What is an Unincorporated Entity?
A business owner (this can be plural if referring to a partnership) and an ‘unincorporated business’ are the same, and the owner(s) personally bear all results of the business. Examples include sole traders and partnerships.
Who will be affected by the change?
Any unincorporated entities with an accounting year end (also referred to as ‘the accounting reference date’) other than 31 March or the fiscal year end, 5 April, will be affected.
What is the change?
This measure changes the way trading income is allocated to tax years. This new measure, also referred to as ‘changing the basis period’ will ultimately see tax liabilities for all unincorporated entities be aligned to the fiscal year (or 31 March as HMRC accepts this to be a reasonable substitute for 5 April).
What is the ‘Basis Period’
The ‘basis period’ is ordinarily the 12-month period preceding the business year end (accounting reference date) to which accounts are typically made up to. Specific rules determine the basis period in certain cases, including during the early years of trading. These rules can create overlapping basis periods which can result in profits being taxed twice which generate ‘overlap relief.’ This is usually released on cessation of the business or retirement. Overall, this basis of taxation is called the ‘current year basis.’
Why is the change being made?
The main objective of the basis period reform is to simplify the taxation of trading profits.
Legislation has been passed by Parliament which will enable HMRC to enforce the basis period reform and accelerate the receipt of tax from unincorporated entities with a year-end other than 31 March or the fiscal year end of 5 April.
Example of ‘current year basis’:
A sole trader has a year end of 30 April. Under the existing regime, accounts are prepared to 30 April 2021 and the profits will be declared in the individual’s 2021/22 tax return to be submitted to HMRC by 31 January 2023. The 2021/22 payments on accounts will need to be paid to HMRC by 31 January 2022 and 31 July 2022 with any balancing payment due by 31 January 2023, some 21 months after the respective accounting period has ended.
Changing the Basis Period
The change will take place in the 2023/24 tax year, this being referred to as the ‘transitional year’, so all unincorporated entities from 1 April 2024 (2024/25 tax year) will follow a ‘tax year basis’. This will see a business’s profit or loss for a tax year being the profit or loss arising in the tax year itself, regardless of its accounting reference date. This will remove the basis period rules and prevent the creation of further overlap relief.
The transition to the ‘tax year basis’ will start from the beginning of the period in which the accounting reference date falls within the 2023/24 fiscal year but for tax purposes, the period will continue to 31 March/5 April 2024. The first 12 months form the ‘standard’ part whilst the additional period to 31 Mar/5 April 2024, is referred to as the ‘transitional’ part. Any overlap profits brought forward must be offset against taxable profits in 2023/24 following which two numbers will arise:
Starting with the transitional year (2023/24), the tax on the transitional profits can be spread over a five-year period or an election can be made to pay the transitional tax before this.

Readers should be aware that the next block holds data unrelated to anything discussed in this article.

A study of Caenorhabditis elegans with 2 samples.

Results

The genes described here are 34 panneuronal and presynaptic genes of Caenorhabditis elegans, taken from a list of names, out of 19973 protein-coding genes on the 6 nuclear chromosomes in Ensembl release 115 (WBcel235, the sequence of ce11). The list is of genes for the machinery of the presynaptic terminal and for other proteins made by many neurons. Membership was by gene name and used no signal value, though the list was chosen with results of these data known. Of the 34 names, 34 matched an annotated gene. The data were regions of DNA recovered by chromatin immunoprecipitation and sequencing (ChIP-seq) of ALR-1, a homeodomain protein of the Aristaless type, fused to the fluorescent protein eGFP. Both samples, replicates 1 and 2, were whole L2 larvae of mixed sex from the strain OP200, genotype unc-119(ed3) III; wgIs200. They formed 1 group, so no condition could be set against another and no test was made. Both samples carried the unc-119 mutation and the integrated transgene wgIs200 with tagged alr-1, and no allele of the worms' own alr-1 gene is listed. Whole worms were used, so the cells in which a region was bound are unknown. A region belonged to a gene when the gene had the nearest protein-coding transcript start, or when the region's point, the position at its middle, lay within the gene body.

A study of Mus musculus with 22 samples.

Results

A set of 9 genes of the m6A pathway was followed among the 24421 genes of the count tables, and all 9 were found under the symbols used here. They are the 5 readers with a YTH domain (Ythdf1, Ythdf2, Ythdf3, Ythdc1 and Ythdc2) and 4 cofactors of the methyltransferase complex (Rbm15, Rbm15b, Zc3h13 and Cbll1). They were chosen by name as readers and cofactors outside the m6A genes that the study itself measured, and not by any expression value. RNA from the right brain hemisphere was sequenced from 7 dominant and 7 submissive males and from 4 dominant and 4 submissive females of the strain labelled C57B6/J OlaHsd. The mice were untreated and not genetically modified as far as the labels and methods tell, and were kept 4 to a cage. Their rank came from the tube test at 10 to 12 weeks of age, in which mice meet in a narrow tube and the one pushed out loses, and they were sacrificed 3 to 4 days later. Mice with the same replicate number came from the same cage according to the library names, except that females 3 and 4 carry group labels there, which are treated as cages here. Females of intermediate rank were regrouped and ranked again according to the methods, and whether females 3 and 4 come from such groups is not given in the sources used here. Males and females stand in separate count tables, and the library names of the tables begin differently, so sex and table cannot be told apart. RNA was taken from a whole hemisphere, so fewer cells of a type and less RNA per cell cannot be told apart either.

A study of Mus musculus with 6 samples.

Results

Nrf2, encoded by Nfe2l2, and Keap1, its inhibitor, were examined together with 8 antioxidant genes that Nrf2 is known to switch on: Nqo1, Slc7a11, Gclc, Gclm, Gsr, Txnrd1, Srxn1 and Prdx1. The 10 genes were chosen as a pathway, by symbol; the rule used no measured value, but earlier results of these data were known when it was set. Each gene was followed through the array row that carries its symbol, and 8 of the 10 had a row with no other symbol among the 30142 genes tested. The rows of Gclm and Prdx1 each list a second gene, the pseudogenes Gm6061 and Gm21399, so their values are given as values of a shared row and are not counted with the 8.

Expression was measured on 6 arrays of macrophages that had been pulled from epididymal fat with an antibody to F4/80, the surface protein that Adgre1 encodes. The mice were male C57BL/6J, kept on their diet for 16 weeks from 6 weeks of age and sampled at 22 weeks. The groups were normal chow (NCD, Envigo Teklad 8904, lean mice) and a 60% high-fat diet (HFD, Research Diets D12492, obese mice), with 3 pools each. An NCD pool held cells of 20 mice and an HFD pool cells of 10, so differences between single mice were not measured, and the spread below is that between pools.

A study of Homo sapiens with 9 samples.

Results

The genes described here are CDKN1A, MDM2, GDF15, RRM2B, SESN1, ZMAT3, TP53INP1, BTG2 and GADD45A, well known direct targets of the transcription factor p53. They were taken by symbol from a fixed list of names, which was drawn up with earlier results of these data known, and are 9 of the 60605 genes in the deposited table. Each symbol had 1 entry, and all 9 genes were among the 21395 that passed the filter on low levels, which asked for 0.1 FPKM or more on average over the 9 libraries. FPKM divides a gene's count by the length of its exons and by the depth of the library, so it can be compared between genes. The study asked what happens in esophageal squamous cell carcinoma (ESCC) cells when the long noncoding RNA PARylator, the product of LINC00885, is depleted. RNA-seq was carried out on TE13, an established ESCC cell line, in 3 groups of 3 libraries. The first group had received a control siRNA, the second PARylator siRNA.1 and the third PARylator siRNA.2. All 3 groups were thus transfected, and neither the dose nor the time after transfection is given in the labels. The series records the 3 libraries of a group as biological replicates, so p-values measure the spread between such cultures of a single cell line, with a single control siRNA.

Whilst there is no requirement to change your accounting reference date, this may be a good opportunity to do so to ensure the profits reported annually are aligned to the profits taxed each year.
What are Overlap Profits
When an individual starts to trade or joins a partnership and the year end for the business is not aligned with the tax year, in the first and second tax years of trading, some profits can be taxed twice. These profits are known as 'overlap profits'.
Example of the transitional year and ‘tax year basis’:
A partnership has an accounting reference date of 30 September, this date being that which the annual accounts are prepared to. The last year that this period will follow the ‘current basis period’ is the year to 30 September 2022. From 1 October 2022, the partnership enters the ‘transitional year’ with the ‘standard profits’ to 30 September 2023 and the ‘transitional profits’ to 31 Mar/5 April 2024. Payments on account for 2023/24 remain payable by 31 January 2024 and 31 July 2024 and following the deduction of overlap profits, any remaining tax due is payable by 31 January 2025. This will also include one fifth of the tax due on the transitional profits.
Thereafter, profits will be taxed on the tax year to 31 March/5 April with tax on the transitional profit being added to the annual tax liability to 2027/28 (unless an election to pay all transitional profit tax is made prior to the final year).
The Impact on you
If you fall within the criteria which requires a change in the basis period for your business, you will not pay additional tax but there may be an acceleration in the payments of tax you owe. The changes may result in significant tax balances through the transitional period, so it pays to plan ahead and be prepared for the change. To ‘fail to plan’ is to ‘plan to fail’!
Armstrong Watson LLP
We have a long and established history of assisting clients navigate their way through tax legislation. If you require assistance with the ‘change in basis period’ and want to understand more about the impact it may have on your taxable profits, please contact your local Armstrong Watson representative.